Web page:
Jaz on Fiddler on the Roof
There are some films that resonate in a strong and personal way. For me, Fiddler on the Roof is one of them. Tevye, the main character, reminds me of my father: the way his smile crinkles up at the corners, his respect for traditional values, his love for people and his unwavering devotion to God. I myself identify with the characters in some ways; I grew up as one of five children in a noisy household outnumbered by women. We’d all squeeze onto the worn grey sofa in the living room and laugh as Tevye told his wife Golde the “dream,” tear up when the characters sang “Sunrise, Sunset,” and sing along at the top of our voices with “If I Were a Rich Man.”
Tevye is a poor (as can be guessed by the previous song title) Jewish man living in pre-revolutionary Russia. A milkman, he’s experienced the trials of poverty and wants something better for his five daughters. So when the eldest refuses a marriage proposal from the town’s wealthy butcher, telling Tevye she’s in love with a poor, spineless tailor, he’s forced to view the situation with a different perspective. Should he make her marry the matchmaker’s choice and ensure his daughter’s financial comfort, or let her choose the man she loves? Throughout the film, his traditional conceptions of life are challenged as his daughters fall in love, and again as political and social unrest develop throughout the country.
Unlike many musicals, Fiddler on the Roof contains a thought-provoking plot in addition to its entertaining and artfully crafted musical numbers.
Liz on Fiddler on the Roof
I have a lot of memories associated with Fiddler on the Roof. To get it out of the way, I’ll start with the most embarrassing one. When I was young, my parents rented the movie, and they and my younger sister began to watch it. I opted to read a book. After a while, my father came to my room and ordered me to go watch the movie. That irked me. In protest, I sat just inside the living room doorway with my eyes closed and my ears covered for the rest of the first half of the movie (they broke it into two viewings). I’m afraid I have a stubborn streak. I don’t remember when, but I did later watch the beginning of the movie.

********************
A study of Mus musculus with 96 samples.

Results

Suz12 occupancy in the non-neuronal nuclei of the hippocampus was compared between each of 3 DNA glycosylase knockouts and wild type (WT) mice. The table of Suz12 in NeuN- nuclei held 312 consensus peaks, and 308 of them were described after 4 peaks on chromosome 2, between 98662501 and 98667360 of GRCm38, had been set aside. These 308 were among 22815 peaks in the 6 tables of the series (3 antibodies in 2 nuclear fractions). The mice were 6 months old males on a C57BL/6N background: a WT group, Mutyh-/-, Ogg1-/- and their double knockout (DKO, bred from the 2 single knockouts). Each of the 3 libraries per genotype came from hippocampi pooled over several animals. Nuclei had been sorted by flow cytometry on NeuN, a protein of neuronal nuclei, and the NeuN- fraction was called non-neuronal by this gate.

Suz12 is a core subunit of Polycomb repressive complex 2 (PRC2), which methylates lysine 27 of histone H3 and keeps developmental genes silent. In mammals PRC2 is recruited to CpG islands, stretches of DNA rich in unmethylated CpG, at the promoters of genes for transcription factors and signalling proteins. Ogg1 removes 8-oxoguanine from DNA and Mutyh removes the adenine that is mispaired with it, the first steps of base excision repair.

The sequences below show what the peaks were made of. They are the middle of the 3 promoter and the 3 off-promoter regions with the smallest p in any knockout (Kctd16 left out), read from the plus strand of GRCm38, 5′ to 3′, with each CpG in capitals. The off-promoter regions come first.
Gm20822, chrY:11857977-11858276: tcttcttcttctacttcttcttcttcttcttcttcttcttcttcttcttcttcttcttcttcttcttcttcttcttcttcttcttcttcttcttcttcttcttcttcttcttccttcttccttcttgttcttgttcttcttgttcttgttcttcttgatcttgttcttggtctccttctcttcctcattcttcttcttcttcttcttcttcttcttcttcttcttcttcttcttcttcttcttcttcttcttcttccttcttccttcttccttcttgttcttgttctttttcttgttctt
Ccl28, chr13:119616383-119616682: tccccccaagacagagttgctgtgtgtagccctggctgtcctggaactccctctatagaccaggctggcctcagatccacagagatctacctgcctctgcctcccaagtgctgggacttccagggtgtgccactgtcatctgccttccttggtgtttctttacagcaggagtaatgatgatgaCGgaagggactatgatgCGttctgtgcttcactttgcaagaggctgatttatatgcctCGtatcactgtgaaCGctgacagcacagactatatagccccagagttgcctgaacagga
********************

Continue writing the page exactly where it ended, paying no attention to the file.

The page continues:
A surprising memory associated with Fiddler on the Roof is the use of the song “Tradition” in a Baptist Campus Ministries message and the fact that I remember it after all this time. I was familiar with the movie, and since the title of the song itself was informative, it was easy to remember that the message was about the importance of tradition and how it can act as an anchor when your faith seems lost or at least on rough seas.
Aside from great music, the movie has a good story. It’s both amusing and serious. Being a romantic at heart, my comments mainly revolve around the three oldster daughters: I loved how the oldest daughter fell in love with her childhood friend and changed her sisters’ song from “Make me a match, find me a man” to “Make me no match, find me no man.” I thought the second sister foolish for falling for a man whose interruptions of the scripture she questioned. And it broke my heart when the third sister was rejected by her father for marrying a Christian.
Other things that stood out: The scene where Tevye tells his dream to convince his wife to let the oldest daughter marry her sweetheart. Jewish men and women couldn’t dance together?
I mentioned great music. “Matchmaker, Matchmaker”, “Sunrise, Sunset”, and “If I were a Rich Man” were my favorite songs. If you haven’t heard it, the Herb Alpert and the Tijuana Brass’s version of “If I were a Rich Man” is excellent. It’s my favorite version.
What’s your favorite part or song of Fiddler on the Roof?